The joyous, boundary-breaking festival of Purim is next week and in preparation I have been learning a few maamarim (discourses). Last month at yeshiva (Lessons in Yeshiva) we started learning Al Kein Kar'u 5713 (1953) and since returning home I started listening to Rabbi YY Jacobson (link to my podcast with him) share a discourse from 5717 (1957). The first episode is Only When You Transcend Your Mind Can You Discover the Spark in Haman. As I write this I just finished the discourse, but the title of the first episode is the topic I’d like to talk about today and how it relates to our daily life and health.
The Talmud makes a seemingly unusual statement regarding the required festive meal of Purim: “A person must become drunk until he cannot tell the difference between ‘Cursed be Haman’ and ‘Blessed be Mordechai.’ In the discourse; however, it was shared that the famous Kabbalist, Rabbi Isaac Luria (1534-1572), known as the Arizal taught in Portal of Meditations that in this state of not knowing the difference (ad d'lo yada), a person should even be so drunk, so to speak, that he says ‘blessed is Haman.’ Using the conscious mind, that’s a bold statement! [If you’re not familiar with the story of Purim, hopefully you have deciphered so far that Haman is the evil character, while Mordechai is one of the protagonists, the Moses of his generation.]
How can we get to a state of being where the evil character is blessed? Isn’t it important to know what’s good and what’s bad? The answer is that it depends. Good and bad are subjective labels to things, which in case of knowing what’s moral or what’s healthy, is necessary and good in that it is beneficial to the individual and the collective. In the case of breaking a habit, starting a new habit, or improving an aspect of oneself, these labels can be attachments and ways that the body is refusing change due to fear of change. Labeling a thought, a feeling, or even one’s performance of activities as good or bad is, in a way, a rejection of it all being one. For example, if a person wants to stop being hard on himself, and he labels his thoughts, feelings, or actions that day as bad, then that label is in resistance what happened. Rather, it can feel unpleasant - as not every day will feel pleasant - and he compassionately asks himself, “what did I do well today?” and “since I have another opportunity at life tomorrow, what would I like to work on or get better at?” For other great questions, check out the article Keeping Your Head and Your Heart in the Game by Dr. Joe Dispenza.
The Talmud states that a person must become drunk; however our great sages and rabbis reveal the deeper meaning. It’s not simply drunk in the way we think through alcohol. This state of mind is where it’s all one; there’s no polarity. There is none besides G-d (ein od milvado) means that everything is one, which means both good and evil come from One. To “become drunk until [one] cannot tell the difference between ‘cursed be Haman’ and ‘blessed be Mordechai’” is to elevate to a state where the consciousness mind does not resist that they’re one. It sees Haman, for example, for who he is beyond the actions which can be labeled as evil, a man created and sustained by G-d.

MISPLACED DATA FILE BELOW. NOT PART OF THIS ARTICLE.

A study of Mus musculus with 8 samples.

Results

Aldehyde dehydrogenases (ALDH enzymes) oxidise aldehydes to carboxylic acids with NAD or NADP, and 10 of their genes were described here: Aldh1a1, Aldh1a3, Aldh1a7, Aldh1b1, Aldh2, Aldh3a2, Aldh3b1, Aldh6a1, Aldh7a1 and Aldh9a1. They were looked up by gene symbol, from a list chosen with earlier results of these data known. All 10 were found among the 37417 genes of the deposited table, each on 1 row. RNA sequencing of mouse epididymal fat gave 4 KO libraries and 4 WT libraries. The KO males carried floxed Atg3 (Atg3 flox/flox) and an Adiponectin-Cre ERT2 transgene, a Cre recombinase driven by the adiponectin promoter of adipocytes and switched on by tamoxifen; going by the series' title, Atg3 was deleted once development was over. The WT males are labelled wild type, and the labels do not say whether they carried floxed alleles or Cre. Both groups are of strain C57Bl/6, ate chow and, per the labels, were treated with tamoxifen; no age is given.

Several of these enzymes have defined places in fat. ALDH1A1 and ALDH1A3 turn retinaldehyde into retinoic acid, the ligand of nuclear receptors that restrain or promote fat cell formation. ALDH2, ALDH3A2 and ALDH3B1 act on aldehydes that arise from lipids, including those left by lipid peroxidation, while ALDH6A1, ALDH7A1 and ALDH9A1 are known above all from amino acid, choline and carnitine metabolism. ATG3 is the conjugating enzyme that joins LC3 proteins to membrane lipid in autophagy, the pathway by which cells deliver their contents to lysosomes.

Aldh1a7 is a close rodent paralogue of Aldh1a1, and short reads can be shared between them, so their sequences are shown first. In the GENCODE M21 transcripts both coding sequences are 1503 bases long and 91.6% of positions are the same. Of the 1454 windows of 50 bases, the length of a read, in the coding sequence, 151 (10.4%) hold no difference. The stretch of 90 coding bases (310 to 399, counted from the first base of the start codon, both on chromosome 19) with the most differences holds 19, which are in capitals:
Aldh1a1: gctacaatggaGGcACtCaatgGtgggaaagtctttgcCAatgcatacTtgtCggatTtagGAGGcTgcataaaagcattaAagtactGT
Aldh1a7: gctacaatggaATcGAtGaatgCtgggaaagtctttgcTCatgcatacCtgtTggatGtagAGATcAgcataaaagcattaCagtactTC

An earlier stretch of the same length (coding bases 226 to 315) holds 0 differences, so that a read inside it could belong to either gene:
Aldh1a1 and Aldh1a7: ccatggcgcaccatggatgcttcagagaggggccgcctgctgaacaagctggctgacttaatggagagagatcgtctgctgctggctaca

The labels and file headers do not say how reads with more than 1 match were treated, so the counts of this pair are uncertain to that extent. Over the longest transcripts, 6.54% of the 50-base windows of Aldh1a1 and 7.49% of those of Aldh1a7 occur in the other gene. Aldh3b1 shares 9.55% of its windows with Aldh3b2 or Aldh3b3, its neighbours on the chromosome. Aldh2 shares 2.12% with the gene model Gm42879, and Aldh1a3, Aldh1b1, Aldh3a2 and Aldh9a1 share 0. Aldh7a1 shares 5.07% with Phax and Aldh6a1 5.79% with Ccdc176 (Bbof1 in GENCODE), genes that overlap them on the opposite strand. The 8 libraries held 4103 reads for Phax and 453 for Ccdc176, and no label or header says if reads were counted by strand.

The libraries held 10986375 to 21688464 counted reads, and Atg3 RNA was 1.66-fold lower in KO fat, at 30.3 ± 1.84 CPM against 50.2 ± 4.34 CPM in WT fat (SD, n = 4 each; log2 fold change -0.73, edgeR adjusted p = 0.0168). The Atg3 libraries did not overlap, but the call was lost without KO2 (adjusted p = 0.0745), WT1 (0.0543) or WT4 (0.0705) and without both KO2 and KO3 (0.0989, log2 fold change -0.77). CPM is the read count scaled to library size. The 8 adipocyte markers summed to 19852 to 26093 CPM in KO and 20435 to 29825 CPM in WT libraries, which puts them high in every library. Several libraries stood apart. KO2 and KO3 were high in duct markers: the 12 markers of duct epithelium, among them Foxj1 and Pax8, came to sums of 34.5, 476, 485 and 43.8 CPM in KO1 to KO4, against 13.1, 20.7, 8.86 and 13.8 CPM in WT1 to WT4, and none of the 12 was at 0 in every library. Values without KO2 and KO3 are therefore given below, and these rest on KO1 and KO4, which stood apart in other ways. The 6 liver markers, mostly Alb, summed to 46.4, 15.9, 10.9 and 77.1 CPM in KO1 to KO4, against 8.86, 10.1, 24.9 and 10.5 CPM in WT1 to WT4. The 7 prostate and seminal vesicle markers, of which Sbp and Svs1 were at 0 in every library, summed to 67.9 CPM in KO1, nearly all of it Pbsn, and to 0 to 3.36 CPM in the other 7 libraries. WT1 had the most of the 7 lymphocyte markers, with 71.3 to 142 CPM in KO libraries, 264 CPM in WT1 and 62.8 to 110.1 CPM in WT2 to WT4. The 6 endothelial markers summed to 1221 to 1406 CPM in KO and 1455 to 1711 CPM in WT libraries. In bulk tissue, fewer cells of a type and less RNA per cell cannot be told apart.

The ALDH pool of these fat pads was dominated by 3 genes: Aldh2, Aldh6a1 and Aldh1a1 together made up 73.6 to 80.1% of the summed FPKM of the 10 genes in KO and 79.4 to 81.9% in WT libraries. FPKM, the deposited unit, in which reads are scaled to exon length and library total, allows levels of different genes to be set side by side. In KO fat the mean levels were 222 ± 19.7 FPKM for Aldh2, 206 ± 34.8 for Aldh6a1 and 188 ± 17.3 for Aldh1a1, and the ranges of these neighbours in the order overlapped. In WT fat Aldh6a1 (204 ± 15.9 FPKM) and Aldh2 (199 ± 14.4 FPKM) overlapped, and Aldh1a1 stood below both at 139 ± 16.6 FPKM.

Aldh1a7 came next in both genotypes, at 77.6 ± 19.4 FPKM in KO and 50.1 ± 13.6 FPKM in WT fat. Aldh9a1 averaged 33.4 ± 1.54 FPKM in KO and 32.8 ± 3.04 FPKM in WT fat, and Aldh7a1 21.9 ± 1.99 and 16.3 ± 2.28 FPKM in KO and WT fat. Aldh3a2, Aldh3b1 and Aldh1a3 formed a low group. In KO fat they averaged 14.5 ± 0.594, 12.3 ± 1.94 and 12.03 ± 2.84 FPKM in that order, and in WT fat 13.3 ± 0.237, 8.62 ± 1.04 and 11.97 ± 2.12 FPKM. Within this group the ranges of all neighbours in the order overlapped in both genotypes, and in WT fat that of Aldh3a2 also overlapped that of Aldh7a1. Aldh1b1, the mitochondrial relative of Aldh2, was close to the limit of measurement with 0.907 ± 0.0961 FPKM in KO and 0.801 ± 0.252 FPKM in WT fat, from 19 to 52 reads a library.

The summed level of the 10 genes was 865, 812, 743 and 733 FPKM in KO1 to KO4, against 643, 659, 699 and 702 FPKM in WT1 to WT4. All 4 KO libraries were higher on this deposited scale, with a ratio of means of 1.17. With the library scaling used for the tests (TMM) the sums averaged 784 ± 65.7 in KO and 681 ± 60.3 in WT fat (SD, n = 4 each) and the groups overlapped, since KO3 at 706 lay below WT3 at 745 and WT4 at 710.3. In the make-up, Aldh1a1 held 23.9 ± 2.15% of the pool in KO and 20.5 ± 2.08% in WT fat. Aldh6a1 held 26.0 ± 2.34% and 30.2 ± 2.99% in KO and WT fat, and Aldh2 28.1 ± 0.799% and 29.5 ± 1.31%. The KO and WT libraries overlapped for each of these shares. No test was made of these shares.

In conclusion, if a person has thoughts that veil the inner spark, like Haman, it is from resisting the thoughts that gives energy to the kelipah (the shell) - the thoughts, feelings, or actions that are negative. In simple terms, what you resist persists. The more you try and stop thinking about something, the more it’ll pop up in your head (Don’t think about Purple Elephants). When the Arizal taught that blessing Haman cannot be done consciously it is because consciously the brain will resist this idea, especially if the brain is in a high beta brain wave state (as discussed in some previous newsletters especially on meditation). It is only ad d'lo yada, beyond consciousness, that a person can go straight into and focus in on the thought to reveal the light within the kelipah i.e where the thought is coming from!
In silence, with a mindset of hishtavut (equanimity), one can, as the Baal Shemtov teaches in Tzava'at Harivash achieve hamtakah, a sweetening, of the thoughts of negativity to the point they no longer arise, but instead are transformed to positivity. This can follow, the teaching continues, only after hachna'ah, subduing, and havdalah, separation, from the kelipah. Havdalah can come through the practice of hishtavut because in a state of equanimity there is no judgement or reactivity towards a thought, for example. There might be a tendency to push away or refusal to think certain thoughts, like that of Haman, but if we can generate the courage within to sit with and observe it, in the way a scientist observes an experiment, the root of that particular unpleasant thought will rise, revealing to the observer the light within. In turn, there’s deep healing that comes. No hangover.
To learn more about this check out the link on equanimity above or the talk I gave Responding to the Thief in my Head. Also, read the newsletter #49 Take off your clothes! where I discuss a similar topic and share how “meditation- also in afloat tanksession - can be a powerful, liberating tool.”